Good Omens was co-written by Terry Pratchett and Neil Gaiman, and originally published in 1990. It may seem apt to post this review since Sir Terry Pratchett has recently died. I reviewed this in 1990 when it came out in paperback:
‘I’ve enjoyed Gaiman’s writing for DC Comics, and of course love Pratchett’s Discworld books, and pleasure of pleasures, the combination works well.
‘It’s an Omen spoof, where the anti-Christ child ends up with the wrong parents. Aziraphale is the sort-of good angel (and part-time rare-book dealer who teams up with the sort-of bad Crowley (‘an angel who did not so much Fall as Saunter Vaguely Downwards’). They get together to prevent the imminent Armageddon (next Saturday, apparently) because they like the status quo just as it is.
‘There are many amusing scenes, from the absent-minded evil nuns at the baby hospital to the Four Apocalyptic Horsepersons vying with some Hell’s Angels no less. The humans are an even stranger lot, which is to be expected, I suppose.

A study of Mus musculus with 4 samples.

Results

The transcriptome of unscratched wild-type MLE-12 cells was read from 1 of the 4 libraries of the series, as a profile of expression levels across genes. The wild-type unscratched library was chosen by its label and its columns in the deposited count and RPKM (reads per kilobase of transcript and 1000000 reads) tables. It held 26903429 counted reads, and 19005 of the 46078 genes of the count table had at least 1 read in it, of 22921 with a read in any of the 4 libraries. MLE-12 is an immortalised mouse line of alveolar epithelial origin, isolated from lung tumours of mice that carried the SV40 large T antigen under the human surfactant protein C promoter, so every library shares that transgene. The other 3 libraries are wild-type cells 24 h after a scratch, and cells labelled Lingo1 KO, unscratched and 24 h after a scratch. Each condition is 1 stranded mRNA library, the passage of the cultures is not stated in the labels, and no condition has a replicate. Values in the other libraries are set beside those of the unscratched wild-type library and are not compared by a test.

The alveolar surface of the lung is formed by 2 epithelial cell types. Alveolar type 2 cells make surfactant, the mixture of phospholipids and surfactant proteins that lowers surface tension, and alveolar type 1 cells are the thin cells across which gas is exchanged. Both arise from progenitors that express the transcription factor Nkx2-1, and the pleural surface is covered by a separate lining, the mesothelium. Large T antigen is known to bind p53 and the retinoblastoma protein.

‘It’s daft, lovely, full of compassion and cleverly done Just Williamesque kids whose logic is priceless. If William Brown had ever been considered the son of the devil by all those poor folk who suffered in his books, then they’d be surprised at how his alter ego (Adam, the anti-Christ!) turns out.’
This was Gaiman’s debut as a novelist, though he had already gained a large readership through the medium of comics. Since then of course he has written seven books, some collaborations and won several awards.